History of the World, Part II premieres on Hulu on March 6, 2023.
A master of parody, EGOT-winning writer, actor, and director Mel Brooks often lambasted Hollywood’s obsession with franchises. Ffrom pitching Spaceballs 2: The Search for More Money within the original Spaceballs to titling his 1981 sketch comedy film History of the World, Part I, despite having no plans for a sequel, it’s been a running gag of his for decades. Now he’s getting the last laugh with Hulu’s History of the World, Part II, a worthy follow up that’s jam-packed with comedy stars.
Brooks audaciously introduces himself in the first moments of History of the World, Part II, saying, “To some of you I’m a hero. To others, merely a legend.” The 96-year-old doesn’t need any false humility and he’s still bitingly funny as a narrator and writer, where he’s joined by Nick Kroll, Wanda Sykes, Ike Barinholtz, and David Stassen. Together they’ve crafted a mix of sketches that provide a clever review of comedy staples as they mockingly chronicle the history of the world.
Some moments of the two-episode premiere feel like classic Brooks, particularly a Fiddler on the Roof parody led by Kroll playing the hapless Jewish villager Schmuck Mudman with the same absurd voice he uses for the similarly oblivious Coach Steve on Big Mouth. Kroll is a natural fit for this project since he’s been following in Brooks’ footsteps by crafting over-the-top musical comedy grounded in the Jewish experience since having a Bat Mitzvah party burst into song in the first season of Big Mouth. Given that the musical numbers are the funniest part of History of the World, Part I and a highlight of Big Mouth, the first two episodes could have stood to have even more.
Kroll also shines as Judas Iscariot, appearing in a segment on the disciple’s betrayal dubbed “Curb Your Judaism,” a perfect Curb Your Enthusiasm parody featuring multiple guest stars from that show. Brooks already did the Last Supper in History of the World, Part I so it almost feels wasteful to retread the story, but Kroll’s fusion of the sour dispositions of Larry David and his Ruxin character from The League, brilliantly egged on by J.B. Smoove and Richard Kind, more than redeems the concept.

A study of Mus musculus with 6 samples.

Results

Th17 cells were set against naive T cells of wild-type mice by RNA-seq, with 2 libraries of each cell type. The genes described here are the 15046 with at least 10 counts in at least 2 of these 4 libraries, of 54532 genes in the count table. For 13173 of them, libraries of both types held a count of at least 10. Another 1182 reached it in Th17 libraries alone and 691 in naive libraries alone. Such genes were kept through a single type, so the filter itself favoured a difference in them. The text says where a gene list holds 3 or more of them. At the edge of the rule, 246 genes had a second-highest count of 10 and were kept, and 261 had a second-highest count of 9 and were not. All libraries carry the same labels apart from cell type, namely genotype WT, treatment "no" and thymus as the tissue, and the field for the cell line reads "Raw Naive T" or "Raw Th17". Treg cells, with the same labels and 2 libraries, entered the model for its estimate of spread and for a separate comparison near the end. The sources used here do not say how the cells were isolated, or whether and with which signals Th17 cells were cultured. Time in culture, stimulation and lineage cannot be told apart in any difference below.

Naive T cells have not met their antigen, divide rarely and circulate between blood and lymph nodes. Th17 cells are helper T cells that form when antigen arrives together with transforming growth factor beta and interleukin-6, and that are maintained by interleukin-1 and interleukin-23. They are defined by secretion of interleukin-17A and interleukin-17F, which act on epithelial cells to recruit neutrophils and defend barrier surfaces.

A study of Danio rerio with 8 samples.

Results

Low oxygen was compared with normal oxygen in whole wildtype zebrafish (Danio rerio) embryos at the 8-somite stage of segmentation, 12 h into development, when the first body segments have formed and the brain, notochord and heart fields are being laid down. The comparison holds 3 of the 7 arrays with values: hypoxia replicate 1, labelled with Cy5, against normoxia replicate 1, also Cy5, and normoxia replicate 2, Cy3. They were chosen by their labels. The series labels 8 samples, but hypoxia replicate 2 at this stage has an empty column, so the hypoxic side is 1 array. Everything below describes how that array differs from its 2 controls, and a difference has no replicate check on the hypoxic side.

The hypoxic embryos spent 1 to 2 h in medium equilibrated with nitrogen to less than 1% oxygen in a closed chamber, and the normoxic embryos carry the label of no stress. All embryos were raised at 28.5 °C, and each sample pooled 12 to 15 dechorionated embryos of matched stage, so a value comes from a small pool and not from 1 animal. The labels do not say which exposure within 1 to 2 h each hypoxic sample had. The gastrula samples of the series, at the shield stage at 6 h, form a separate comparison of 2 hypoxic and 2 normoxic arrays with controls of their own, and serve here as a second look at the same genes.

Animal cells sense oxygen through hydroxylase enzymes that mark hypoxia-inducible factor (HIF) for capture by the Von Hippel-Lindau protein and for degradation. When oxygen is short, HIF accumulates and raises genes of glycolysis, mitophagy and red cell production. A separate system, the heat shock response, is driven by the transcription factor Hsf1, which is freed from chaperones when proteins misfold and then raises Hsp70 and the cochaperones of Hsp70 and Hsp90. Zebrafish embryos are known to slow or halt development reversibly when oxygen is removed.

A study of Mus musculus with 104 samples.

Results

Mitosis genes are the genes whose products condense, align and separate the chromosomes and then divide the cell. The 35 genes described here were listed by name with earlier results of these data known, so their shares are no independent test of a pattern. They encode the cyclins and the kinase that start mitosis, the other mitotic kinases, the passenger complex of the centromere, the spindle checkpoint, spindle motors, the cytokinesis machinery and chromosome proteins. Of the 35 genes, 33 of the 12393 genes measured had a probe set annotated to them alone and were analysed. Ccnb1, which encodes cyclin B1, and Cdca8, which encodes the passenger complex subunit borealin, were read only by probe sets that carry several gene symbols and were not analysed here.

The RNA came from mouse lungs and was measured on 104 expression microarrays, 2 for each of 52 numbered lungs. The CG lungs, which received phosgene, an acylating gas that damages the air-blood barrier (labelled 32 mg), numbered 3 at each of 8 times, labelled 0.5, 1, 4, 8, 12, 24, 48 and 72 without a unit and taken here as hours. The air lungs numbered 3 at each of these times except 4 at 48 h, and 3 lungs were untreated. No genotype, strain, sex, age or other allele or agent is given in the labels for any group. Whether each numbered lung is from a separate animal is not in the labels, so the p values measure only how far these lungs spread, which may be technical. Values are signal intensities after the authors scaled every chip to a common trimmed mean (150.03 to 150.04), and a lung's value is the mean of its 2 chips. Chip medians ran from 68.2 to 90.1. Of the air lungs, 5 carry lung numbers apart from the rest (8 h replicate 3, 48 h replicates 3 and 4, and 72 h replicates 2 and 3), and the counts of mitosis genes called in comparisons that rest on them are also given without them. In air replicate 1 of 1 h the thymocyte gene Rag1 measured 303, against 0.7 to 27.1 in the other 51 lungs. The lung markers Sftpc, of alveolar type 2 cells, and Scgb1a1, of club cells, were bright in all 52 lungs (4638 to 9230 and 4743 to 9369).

The premiere also goes back to the invention of fire, this time with less creative spark, producing a single-note stoner gag that overstays its welcome. Pacing was the biggest problem with History of the World, Part I, and it continues to be the case in the sequel. Brooks’ more-is-more approach to comedy means jokes that land can be taken to hilarious extremes, but ones that don’t drag on too long. Of course, that’s a flaw that can be forgiven since sometimes a sketch’s protracted length becomes its own source of humor, like a D-Day bit reminiscent of Gary hitting rock bottom in Team America: World Police.
History of the World, Part II is less Euro-centric than the original, strengthened by a more diverse pool of inspiration and talent. Kumail Nanjiani brings his charmingly straight-faced delivery to a pitch meeting for the Kama Souptra, a combination cookbook and sex-position guide packed with clever wordplay and the ribald humor of Spaceballs. Likewise, Sykes provides an actually worthwhile history lesson as she riffs on The Jeffersons by playing Shirley Chisholm, the first Black woman in Congress. The sketches nail Black sitcom tropes with the expert help of one of the show’s many surprise guest stars, while also providing another great outlet for Kroll, who plays a version of Henry Kissinger reminiscent of The Venture Bros.’ Dr. Henry Killinger.
History of the World, Part II photos
In an odd way, History of the World, Part II has some of the same structure as DC’s Legends of Tomorrow, mashing up historical events with major works of pop culture. Touchstones extend from the Russian Revolution and Marco Polo’s travels to Jackass and Punk’d, to varying effect. Even if not all the gags hit, there were enough big laughs in the premiere that I’m eager to see where the continuing plotlines go and all the big moments and comedy icons Brooks and company can cram into its next six episodes.